Originally posted by David Price L.Ac on December 11, 2020. WhitePineClinic.com

Normal approval from the U.S. FDA for medicines involves applying for and receiving a BLA or Biologics License Application. In unusual cases, however, the regulatory agency will grant a drug company an alternate form of permission to distribute their medication via EUA or Emergency Use Authorization. FDA EUA’s can only be granted if and when three criteria are met: 1) No other treatment exists for the disease in question; 2) The condition causes deaths; 3) Preliminary research demonstrates provisional safety and efficacy.

In yesterday’s vaccine advisory panel meeting, a representative from the FDA characterized EUA drugs as underproven. In other words, EUA medications are essentially experimental and require further research and evidence before full FDA licensure can be conferred. As investigational medicines, EUA status comes with certain caveats and limitations. For example, pharmaceutical companies are barred from marketing EUA products via the usual advertising methods.

A number of medications have already been granted EUA’s by the FDA in 2020, with several authorizations offering cautionary tales. Hydroxychloroquine was granted EUA status on March 28th which was summarily revoked on June 15th for lack of reliable scientific evidence. Remdesivir—a drug its maker Gilead prepared to mass produce in January, in advance of any research findings—received EUA status for treating COVID-19 based on an NIH study stopped prior to its completion date. Despite a later WHO analysis of trials featuring over 7,000 participants showing that Remdesivir to be ineffective, the agency not only chose not to rescind the EUA but actually moved forward, granting a BLA. Most recently, baricitinib, a drug from Eli Lilly for treating arthritis, was given EUA for its ability to shorten recovery time in COVID patients by just 24 hours. Given the drug’s known potential for severe adverse effects, including blood clots, and its high cost—approximately $1,500 per patient—the FDA has drawn sharp criticism from healthcare watchdogs.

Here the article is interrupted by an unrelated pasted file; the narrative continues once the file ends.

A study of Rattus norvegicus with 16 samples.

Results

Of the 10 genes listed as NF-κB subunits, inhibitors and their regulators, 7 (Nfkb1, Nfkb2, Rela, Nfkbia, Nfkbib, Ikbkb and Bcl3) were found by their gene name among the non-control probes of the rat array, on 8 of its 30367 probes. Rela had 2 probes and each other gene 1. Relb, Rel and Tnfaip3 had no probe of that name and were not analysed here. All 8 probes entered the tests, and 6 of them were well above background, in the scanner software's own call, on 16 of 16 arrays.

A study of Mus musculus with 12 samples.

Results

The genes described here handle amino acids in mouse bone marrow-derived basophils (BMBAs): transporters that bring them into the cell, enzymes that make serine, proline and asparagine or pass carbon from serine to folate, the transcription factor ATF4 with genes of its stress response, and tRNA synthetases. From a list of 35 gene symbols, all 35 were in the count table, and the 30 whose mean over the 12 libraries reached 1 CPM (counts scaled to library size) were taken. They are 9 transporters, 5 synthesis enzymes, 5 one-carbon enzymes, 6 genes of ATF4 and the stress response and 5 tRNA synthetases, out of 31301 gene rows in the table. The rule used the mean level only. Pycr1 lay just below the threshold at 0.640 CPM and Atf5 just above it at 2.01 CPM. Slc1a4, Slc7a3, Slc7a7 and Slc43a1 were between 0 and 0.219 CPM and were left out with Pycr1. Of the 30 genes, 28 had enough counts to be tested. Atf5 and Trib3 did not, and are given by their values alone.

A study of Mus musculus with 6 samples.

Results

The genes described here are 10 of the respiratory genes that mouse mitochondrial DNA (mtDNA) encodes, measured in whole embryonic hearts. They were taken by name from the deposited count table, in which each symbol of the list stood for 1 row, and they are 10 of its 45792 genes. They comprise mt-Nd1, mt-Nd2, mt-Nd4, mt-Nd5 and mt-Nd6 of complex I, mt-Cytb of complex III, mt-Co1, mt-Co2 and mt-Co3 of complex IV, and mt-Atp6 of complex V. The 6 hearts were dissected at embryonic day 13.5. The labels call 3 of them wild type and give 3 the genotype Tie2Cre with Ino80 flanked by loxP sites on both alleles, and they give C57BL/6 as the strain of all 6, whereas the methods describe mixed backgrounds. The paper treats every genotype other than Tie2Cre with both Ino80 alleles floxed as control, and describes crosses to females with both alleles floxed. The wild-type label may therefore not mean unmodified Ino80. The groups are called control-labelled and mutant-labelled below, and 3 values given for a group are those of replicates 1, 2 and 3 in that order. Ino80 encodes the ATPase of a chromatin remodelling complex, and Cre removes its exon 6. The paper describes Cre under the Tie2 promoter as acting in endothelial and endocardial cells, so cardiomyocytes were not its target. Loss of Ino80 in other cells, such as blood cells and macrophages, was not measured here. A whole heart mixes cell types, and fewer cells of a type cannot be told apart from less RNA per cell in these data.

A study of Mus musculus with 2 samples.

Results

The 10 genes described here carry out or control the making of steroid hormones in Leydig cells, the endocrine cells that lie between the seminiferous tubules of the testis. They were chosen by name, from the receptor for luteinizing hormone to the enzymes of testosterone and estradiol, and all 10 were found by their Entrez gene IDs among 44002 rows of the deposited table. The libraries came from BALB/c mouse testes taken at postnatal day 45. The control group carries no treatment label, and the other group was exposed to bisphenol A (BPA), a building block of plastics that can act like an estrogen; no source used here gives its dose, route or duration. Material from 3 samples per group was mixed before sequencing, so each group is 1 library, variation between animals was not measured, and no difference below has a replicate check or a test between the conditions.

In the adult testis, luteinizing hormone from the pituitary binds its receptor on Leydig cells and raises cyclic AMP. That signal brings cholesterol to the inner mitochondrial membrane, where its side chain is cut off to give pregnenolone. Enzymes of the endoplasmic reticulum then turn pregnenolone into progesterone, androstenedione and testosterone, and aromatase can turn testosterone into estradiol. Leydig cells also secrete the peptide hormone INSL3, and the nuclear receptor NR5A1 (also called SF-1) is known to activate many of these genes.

As the number of COVID cases skyrockets and more Americans die, appropriate EUA’s granted for safe and effective vaccines and drugs are a matter of life-and-death. Issuing EUA’s, however, demands solid science, free from the influence of politics or profit, and astute judgment fueled by an unflinching commitment to public welfare. Prematurely granting an EUA for hydroxychloroquine played a role in driving global research into its use for treating COVID-19 patients, squandering enormous financial and human resources. One can only hope that the FDA will exercise more rigorous oversight in the future to justify the trust it is asking from the American people as regulators approve more EUA’s with the hope of preventing and treating COVID-19.